Nov 12 , 2014
QUESTION: What form of an herb is the most effective, tea, capsules or liquid extract?
ANSWER: This answer depends on several factors. One of the factors is you. Are you willing to make a tea? Clean up is involved after preparing tea, you will have to taste the herb and possibly have to drink the tea on a regular basis for a while. While this fits into many herb user’s (like myself) lifestyle, it may not fit into yours. The remedy cannot do any good to you, if you will not drink enough of the tea.
Capsules and liquid extracts require little effort and are easy to carry with you. Capsules are very popular these days. You do not even have to smell or taste the herb. I feel that just powdered herbs in capsules are not always as effective as liquids like tea and extracts. Liquids require little or no digestion and are assimilated into your system much easier than an herb powder in a capsule. That herb powder is like a fibrous food item in your stomach. It requires digestion. Digestion of something like this can take hours to complete. Sometimes the digestive system itself is faulty and then you may not receive all the benefits that the herb could offer. A powdered herb has been exposed to more air, light and sometimes heat, than an herb that has been left in bigger pieces. Air, light & heat reduce the potency of herbs. I feel that herbs are already subtle in their effect and they need to be kept in as good condition as possible in order to retain their potency. Quality is everything with herbs. So having said all that, I want to also assure you there are times that powdered herbs in capsules can be a very effective way of using herbs. Some powdered herbs in capsules, are very effectively used for digestive complaints. It makes sense to be digesting those herbs. Some herbs are so powerful that they serve their purpose very well in any form, including powdered herb capsules. Some kinds of ginseng are an example of this. Like I said before, quality is vital to the success of your herbal remedy. A very high quality powder will do what you expect it to do and an herb capsule filled with an average quality powder, quite possibly exposed to a lot of air and which has sat on a shelf for a while, may not do the trick for you.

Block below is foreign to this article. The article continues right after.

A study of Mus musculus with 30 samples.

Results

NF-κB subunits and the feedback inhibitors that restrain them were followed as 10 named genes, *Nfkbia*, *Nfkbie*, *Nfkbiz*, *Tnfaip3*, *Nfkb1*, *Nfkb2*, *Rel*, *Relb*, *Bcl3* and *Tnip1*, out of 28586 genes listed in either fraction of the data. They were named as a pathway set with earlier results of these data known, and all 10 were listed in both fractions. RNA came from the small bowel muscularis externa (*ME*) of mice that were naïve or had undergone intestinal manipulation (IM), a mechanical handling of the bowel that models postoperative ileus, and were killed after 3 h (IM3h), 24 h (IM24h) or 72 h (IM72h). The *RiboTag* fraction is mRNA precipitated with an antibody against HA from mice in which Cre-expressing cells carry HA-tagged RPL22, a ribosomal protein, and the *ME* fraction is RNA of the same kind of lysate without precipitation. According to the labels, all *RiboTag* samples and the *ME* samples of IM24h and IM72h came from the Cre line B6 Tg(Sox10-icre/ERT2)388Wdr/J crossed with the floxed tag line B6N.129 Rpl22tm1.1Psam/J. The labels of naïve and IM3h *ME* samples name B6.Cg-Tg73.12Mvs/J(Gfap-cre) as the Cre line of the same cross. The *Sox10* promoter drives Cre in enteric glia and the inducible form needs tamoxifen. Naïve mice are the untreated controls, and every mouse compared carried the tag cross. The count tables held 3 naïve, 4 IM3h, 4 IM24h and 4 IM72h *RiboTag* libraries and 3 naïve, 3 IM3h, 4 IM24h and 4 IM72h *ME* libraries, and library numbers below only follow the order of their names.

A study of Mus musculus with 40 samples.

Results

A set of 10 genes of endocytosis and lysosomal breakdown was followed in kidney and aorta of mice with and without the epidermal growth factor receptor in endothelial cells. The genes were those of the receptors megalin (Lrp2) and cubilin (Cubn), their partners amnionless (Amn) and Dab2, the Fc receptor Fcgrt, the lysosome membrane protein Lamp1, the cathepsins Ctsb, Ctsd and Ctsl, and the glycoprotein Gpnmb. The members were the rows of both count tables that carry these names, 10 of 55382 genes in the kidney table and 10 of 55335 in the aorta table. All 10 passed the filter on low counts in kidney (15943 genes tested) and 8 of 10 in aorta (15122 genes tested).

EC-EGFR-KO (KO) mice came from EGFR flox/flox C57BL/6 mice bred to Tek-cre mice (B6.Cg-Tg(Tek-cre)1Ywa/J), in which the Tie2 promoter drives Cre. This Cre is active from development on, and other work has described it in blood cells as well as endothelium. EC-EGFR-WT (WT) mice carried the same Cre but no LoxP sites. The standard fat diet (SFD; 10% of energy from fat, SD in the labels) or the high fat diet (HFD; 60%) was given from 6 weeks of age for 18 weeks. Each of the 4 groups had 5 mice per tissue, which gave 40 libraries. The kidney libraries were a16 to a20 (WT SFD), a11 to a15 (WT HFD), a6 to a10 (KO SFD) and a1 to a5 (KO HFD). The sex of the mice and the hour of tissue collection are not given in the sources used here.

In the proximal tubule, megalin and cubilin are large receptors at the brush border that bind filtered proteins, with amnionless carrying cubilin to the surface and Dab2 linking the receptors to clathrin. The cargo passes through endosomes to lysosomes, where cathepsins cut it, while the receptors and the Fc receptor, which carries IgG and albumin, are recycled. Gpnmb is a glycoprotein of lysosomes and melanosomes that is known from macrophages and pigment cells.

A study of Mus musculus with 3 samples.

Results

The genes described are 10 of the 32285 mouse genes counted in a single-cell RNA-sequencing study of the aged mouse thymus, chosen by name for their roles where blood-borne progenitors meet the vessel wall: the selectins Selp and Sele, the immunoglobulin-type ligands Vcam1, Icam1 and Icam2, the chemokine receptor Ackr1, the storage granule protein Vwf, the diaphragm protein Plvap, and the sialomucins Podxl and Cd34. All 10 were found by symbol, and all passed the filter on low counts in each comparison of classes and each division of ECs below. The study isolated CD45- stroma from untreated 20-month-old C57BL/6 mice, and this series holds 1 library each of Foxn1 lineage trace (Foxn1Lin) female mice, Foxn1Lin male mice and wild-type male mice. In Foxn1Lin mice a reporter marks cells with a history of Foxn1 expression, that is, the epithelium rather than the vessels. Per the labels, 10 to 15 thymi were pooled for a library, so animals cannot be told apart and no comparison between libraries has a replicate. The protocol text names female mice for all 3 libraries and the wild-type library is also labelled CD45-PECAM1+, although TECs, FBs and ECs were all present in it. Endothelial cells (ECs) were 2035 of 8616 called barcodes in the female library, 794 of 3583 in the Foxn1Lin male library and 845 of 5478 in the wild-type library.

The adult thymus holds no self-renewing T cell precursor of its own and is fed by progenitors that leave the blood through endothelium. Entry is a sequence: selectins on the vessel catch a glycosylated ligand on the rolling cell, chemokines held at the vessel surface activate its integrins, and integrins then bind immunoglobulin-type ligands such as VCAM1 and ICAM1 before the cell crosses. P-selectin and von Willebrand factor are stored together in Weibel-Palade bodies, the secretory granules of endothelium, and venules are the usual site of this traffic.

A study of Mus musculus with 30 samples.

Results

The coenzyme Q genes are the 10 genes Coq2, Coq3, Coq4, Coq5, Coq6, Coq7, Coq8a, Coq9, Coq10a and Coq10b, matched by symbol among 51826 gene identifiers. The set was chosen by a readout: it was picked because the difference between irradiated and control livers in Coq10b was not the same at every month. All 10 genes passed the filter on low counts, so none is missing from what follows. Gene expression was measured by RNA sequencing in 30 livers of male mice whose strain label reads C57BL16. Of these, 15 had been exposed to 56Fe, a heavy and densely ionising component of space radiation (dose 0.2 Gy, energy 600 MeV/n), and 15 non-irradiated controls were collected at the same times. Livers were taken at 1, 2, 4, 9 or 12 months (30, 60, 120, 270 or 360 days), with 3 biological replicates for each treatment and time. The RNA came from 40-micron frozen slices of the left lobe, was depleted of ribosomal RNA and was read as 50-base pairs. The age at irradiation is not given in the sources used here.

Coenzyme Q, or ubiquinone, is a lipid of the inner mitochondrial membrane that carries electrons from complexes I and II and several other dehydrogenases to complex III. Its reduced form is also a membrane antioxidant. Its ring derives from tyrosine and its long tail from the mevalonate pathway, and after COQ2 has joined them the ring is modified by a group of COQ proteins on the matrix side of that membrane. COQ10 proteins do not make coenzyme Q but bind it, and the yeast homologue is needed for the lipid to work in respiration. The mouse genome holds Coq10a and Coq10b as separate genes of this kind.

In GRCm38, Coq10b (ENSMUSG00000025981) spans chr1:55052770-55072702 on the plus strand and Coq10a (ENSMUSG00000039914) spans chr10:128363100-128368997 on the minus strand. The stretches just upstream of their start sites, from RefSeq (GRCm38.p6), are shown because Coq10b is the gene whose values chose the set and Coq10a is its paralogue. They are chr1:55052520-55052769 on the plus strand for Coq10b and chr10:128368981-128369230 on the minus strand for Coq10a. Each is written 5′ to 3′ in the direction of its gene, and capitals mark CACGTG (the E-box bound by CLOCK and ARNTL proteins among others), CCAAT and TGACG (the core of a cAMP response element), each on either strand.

Liquid extracts are a very concentrated form of the herb. Usually they are 5 – 10 times stronger than the herb itself. I often tell newcomers that extracts are like very concentrated teas. Most extracts are made with the liquid solvents of distilled water, grain alcohol and vegetable glycerin. The herb material is soaked or infused in the solvents for a period of time before the herb is strained out and the liquid has taken on the properties of the herb. Both extracts and tinctures are made in this way. Tinctures generally have a higher alcohol content. That is why you will usually find a higher dose with a tincture. Doses are usually achieved by counting drops or taking a dropperful. Drops can be taken directly into the mouth or under the tongue and liquid consumed afterwards or drops can be put into a cup of water. If you are sensitive to alcohol, consider what Jeff does. He mixes drops of the extract into a cup of water just off the boil, lets it sit for 5 minutes and he experiences no problems. Liquid extracts usually come in eye dropper bottles and are very effective and easy to use.
Powdered extracts are an example of modern technology put to good use, in my opinion. The liquid extract is made in the traditional way and then spray (or vacuum) dried. This powder becomes an instant powder meaning it dissolves in any temperature liquid. You no longer have to have boiling water to make a tea. This wonderful powder is extract strength and can be either put into capsules or used to make a convenient instant tea. It is still an extract so it also requires no digestion and can enter your system very rapidly. Some people just aren’t willing to taste even the liquid extracts, much less make and drink tea and these extract powders in capsules are a fantastic alternative for them.
It has been interesting to note that sometimes we have experienced better results from drinking a tea of a particular herb rather than the liquid extract form. You would assume the concentrated extract form would surely bring better results than just the simple tea. We have also experienced the opposite where the extract works better than the tea. It just depends which herb is being considered. I think people are very individualistic and some people may do better with a certain form of an herb over another form. You just have to see what is the best for you. Remember though, that quality dictates much of an herb’s success.